Resources on doing research

Peter Feibelman has written a good short book on doing research, and related skills, A PhD is not enough. The book isn’t online, but there is a nice review by Ross McKenzie, of the University of Queensland.

John Wilkins of Ohio State University has assembled a set of one page guides to various research skills.

David Mermin of Cornell has written a lovely essay on Writing Physics.

Economist Paul Krugman, of Princeton, has written two informative essays about doing research, from somewhat different points of view, How I work and Incidents from my career. Many of the ideas in these essays apply also to research in the physical sciences.


  1. Is Krugman talking about economic theory or string theory?!?

    “If you want to publish a paper in economic theory, there is a safe approach: make a conceptually minor but mathematically difficult extension to some familiar model. Because the basic assumptions of the model are already familiar, people will not regard them as strange; because you have done something technically difficult, you will be respected for your demonstration of firepower. Unfortunately, you will not have added much to human knowledge.”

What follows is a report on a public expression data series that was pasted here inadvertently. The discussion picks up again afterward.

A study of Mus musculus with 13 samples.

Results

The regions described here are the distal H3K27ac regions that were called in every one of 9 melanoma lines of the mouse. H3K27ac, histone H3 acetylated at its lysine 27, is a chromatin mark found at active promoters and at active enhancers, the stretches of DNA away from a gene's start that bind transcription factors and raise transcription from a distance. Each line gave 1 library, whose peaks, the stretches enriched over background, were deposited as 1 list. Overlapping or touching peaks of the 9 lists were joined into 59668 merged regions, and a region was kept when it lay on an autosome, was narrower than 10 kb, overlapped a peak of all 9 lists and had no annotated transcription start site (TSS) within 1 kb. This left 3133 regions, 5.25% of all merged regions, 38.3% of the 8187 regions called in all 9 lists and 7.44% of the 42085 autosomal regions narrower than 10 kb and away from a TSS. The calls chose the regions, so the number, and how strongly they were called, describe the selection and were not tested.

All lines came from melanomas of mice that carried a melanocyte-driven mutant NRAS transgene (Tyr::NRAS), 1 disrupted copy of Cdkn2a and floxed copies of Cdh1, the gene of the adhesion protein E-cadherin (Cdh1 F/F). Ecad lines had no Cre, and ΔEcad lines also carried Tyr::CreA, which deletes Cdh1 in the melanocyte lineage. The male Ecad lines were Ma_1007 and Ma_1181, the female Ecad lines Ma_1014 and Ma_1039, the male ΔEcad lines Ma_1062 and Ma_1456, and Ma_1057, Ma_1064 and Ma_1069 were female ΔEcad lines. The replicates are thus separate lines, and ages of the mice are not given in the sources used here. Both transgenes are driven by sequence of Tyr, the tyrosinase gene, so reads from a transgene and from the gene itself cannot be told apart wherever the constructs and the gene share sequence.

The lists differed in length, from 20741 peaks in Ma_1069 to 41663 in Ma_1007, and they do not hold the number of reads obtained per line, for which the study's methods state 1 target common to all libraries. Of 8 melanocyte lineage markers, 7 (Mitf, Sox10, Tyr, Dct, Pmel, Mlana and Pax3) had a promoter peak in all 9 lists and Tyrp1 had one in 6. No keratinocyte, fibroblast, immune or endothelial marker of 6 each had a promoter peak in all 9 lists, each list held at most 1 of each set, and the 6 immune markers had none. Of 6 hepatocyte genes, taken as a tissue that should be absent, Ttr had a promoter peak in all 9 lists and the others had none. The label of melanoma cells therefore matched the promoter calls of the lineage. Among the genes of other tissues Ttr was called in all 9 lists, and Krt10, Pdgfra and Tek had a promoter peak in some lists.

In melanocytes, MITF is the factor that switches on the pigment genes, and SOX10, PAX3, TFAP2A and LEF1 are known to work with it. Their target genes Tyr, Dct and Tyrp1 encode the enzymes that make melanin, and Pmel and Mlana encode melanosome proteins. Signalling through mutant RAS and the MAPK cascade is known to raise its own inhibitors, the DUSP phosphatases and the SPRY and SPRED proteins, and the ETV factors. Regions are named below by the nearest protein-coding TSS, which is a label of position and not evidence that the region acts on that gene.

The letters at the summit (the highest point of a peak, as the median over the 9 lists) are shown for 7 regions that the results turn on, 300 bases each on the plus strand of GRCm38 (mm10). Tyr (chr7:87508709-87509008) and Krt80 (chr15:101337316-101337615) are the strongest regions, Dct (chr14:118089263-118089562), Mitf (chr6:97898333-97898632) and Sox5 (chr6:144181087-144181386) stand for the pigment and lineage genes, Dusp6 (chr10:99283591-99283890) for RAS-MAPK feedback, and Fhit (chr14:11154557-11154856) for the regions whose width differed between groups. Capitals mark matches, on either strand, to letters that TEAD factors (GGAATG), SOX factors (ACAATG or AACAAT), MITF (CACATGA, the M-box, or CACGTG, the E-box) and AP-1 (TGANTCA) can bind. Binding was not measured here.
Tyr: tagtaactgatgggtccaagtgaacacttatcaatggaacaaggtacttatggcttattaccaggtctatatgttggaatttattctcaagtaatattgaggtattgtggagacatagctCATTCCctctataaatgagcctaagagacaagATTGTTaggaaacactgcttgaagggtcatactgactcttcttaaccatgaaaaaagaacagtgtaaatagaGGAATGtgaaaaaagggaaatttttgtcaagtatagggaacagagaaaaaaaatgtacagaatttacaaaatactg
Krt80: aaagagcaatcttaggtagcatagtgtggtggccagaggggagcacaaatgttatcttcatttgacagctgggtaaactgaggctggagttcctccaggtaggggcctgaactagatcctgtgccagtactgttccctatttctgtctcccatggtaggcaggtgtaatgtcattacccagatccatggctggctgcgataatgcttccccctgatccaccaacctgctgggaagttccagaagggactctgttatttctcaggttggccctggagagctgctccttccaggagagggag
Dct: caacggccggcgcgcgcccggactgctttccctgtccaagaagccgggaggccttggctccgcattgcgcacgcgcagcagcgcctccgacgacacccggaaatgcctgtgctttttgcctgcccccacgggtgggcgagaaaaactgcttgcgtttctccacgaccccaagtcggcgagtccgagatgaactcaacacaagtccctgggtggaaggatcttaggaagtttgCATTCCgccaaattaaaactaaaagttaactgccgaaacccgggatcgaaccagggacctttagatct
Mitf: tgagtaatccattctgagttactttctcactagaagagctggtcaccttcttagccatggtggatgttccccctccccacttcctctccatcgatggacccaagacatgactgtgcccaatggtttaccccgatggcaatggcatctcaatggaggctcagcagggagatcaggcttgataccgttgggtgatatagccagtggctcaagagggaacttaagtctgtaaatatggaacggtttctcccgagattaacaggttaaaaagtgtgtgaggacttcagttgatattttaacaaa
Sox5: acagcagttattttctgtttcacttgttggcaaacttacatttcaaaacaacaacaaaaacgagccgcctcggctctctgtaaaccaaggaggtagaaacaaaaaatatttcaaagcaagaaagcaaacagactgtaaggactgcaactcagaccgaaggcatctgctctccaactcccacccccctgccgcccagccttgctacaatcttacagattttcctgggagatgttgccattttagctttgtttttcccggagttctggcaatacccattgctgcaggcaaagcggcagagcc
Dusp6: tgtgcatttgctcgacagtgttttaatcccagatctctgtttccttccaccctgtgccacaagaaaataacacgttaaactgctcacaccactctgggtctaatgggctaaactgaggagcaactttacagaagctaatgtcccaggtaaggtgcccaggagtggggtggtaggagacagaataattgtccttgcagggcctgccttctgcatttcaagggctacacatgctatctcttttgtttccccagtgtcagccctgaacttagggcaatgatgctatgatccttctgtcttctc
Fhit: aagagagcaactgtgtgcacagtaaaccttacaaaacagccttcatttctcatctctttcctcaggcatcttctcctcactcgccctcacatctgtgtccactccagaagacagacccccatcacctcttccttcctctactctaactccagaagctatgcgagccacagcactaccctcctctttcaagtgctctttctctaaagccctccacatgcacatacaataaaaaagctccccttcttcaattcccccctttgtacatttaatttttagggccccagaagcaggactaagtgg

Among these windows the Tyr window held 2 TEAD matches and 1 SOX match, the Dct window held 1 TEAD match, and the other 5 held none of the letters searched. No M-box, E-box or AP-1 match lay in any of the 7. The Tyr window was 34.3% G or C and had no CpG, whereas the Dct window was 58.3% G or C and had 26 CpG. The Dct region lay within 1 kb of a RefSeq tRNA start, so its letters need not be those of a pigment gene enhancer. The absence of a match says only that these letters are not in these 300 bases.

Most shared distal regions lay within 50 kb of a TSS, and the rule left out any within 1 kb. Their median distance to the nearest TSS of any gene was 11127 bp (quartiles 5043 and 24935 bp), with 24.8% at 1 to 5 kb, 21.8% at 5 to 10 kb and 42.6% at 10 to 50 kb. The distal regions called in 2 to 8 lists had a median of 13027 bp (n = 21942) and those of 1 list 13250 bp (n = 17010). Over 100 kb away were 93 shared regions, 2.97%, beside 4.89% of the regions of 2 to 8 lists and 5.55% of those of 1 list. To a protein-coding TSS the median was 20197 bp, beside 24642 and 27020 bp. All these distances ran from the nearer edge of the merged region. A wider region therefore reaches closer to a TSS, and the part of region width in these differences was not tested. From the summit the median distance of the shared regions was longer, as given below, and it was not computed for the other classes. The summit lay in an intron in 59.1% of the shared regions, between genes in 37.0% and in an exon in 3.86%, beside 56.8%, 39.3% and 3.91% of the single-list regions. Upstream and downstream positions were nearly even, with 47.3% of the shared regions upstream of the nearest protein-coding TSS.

I wonder if there are any good scientific historians (or their ilk) who have done research on this effect?

  2. Or, presumably, any other part of science.

    One thing I enjoyed about the essays was Krugman’s emphasis on building simple but informative models. I’m reading Ashcroft and Mermin at the moment, and he could easily be talking about condensed matter physics.

    I find it interesting that this kind of model building doesn’t happen much in quantum information. Probably the best example of such model building I can think of would be Kitaev’s codes.